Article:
New Lawrence of Arabia Bio – “Fabulously Weird”
Lowell Thomas, the pioneering American journalist and filmmaker, was buying dates on a Jerusalem street soon after the holy city had been wrested from Turkish control by British forces in 1917, when he spotted a group of Arabs, led by a most remarkable figure. “A single Bedouin who stood out in sharp relief from his companions; . . . in his belt was fastened the short curved sword of a prince of Mecca, . . . marking him every inch a king. . . . This young man was blond as a Scandinavian. . . . His expression was serene, almost saintly, in its selflessness and repose.”
The robed figure was T. E. Lawrence, Lawrence of Arabia, Laurens Bey to his Arab comrades in arms, the “Uncrowned King of Arabia” according to his boosters. And if Thomas’s description seems sensationalist, that is hardly surprising, for the American did more than any other single person to turn Lawrence into a glittering multimedia global celebrity, a fable, a saint and a myth.
Lawrence was an ambiguous figure in his lifetime, and has remained so ever since, in part because the fog of fame made it virtually impossible to see him clearly, then and now. He was a scholar and warrior, an imperialist and supporter of Arab independence, a politician and rebel, a publicity seeker and recluse. Fighting alongside Arab irregulars in the revolt against Turkish Ottoman rule during World War I, he was fanatically brave and chillingly ruthless. He was fastidious, inconsistently vegetarian, sexually repressed, allergic to physical contact and addicted to danger, flagellation and roasting baths. He was fabulously weird.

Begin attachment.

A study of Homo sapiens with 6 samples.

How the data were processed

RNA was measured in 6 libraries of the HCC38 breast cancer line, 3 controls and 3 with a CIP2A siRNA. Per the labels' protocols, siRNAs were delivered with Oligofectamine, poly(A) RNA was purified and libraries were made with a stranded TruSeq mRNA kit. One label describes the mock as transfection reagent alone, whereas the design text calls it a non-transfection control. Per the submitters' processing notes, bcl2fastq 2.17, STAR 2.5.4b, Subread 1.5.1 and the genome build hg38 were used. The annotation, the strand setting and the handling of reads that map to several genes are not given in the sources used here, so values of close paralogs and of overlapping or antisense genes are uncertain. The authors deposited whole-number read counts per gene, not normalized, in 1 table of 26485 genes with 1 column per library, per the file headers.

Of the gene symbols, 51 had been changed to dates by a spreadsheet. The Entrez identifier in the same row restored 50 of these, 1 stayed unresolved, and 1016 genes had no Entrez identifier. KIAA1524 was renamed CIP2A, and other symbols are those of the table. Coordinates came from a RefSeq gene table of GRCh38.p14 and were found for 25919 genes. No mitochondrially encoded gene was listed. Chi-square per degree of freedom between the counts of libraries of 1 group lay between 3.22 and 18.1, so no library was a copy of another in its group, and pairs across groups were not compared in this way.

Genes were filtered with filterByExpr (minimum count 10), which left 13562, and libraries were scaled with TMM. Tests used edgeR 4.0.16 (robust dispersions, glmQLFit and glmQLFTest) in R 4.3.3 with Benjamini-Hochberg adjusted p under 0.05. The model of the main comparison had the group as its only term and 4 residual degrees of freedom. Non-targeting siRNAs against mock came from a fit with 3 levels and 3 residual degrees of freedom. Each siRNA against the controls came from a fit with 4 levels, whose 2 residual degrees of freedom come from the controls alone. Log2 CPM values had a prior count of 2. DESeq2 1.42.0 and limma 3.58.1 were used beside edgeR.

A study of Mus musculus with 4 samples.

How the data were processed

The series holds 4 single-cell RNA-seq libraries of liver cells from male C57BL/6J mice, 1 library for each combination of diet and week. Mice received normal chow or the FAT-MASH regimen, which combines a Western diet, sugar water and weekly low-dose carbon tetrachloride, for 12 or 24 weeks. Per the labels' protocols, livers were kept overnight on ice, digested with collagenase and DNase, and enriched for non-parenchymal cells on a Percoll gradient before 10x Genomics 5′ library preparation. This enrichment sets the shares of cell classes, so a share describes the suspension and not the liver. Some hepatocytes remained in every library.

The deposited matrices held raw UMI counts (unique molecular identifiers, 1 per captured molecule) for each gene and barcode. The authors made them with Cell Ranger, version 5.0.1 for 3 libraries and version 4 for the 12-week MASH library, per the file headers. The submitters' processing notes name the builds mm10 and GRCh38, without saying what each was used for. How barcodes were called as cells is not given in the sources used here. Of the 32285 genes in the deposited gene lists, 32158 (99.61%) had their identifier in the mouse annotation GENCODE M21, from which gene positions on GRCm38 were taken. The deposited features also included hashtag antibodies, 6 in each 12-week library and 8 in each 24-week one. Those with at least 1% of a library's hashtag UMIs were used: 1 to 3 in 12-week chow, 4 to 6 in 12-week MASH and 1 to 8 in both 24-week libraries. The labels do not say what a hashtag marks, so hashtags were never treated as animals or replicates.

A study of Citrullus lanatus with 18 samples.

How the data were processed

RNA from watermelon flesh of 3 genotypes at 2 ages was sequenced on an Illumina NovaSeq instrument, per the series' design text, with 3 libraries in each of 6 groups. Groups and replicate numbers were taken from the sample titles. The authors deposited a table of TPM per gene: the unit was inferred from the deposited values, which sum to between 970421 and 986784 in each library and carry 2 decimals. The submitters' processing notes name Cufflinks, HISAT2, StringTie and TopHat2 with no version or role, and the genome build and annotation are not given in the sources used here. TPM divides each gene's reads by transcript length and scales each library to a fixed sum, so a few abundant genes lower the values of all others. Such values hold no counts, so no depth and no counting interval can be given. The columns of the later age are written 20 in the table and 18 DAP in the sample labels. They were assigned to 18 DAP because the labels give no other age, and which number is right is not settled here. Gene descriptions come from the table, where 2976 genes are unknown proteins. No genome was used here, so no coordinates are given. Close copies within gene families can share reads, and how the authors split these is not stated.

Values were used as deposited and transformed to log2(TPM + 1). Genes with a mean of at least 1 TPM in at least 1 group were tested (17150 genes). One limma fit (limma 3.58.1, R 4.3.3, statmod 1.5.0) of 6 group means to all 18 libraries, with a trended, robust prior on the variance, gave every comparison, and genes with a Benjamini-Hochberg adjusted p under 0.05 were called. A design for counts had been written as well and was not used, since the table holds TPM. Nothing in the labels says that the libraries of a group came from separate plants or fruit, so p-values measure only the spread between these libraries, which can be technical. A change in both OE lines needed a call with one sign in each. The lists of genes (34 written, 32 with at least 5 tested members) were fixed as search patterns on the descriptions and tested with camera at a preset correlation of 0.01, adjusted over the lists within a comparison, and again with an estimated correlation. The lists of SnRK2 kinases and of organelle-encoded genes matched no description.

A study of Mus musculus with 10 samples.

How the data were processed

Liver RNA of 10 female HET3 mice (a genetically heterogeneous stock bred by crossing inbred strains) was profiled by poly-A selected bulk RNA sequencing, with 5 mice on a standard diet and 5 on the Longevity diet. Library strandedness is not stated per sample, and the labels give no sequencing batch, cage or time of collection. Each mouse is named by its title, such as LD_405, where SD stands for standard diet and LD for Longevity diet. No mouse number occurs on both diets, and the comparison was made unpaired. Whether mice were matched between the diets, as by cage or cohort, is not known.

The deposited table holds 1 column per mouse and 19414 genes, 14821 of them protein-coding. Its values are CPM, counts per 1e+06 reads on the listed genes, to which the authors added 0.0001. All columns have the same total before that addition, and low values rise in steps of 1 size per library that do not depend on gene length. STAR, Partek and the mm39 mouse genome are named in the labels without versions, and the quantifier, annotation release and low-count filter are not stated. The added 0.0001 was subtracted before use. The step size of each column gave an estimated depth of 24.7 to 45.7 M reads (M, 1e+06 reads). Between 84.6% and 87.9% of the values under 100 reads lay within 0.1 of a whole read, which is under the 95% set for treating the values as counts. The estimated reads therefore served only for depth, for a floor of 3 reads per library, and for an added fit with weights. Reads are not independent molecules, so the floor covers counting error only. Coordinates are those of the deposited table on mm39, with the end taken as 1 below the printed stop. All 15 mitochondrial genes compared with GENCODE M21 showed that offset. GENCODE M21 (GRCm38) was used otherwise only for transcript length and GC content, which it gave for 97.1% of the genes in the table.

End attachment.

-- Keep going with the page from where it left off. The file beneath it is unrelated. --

Most treatments of Lawrence’s life can be divided into debunkings and hagiographies. “Hero” by Michael Korda, as the title implies, is closer to the latter category. The author’s admiration frequently comes in volleys: “physical courage, hardiness, cool judgment under fire,” “an outstanding shot, physically tireless, generous, absolutely fearless, gentle in manner.” Yet into this baggy but beguiling biography, Korda, the author of several works of history, has also crammed the darker incarnations of Lawrence, the shy depressive, the tortured ascetic, the “odd gnome, half cad — with a touch of genius,” in the words of one of his companions behind Turkish lines. This book, for all its worship of Lawrence, leaves the impression that his heroism lay in a unique brand of personal eccentricity, a refusal to fit into the expectations of others, an unshakable determination to do things his own way, however peculiar and wrong-headed this seemed.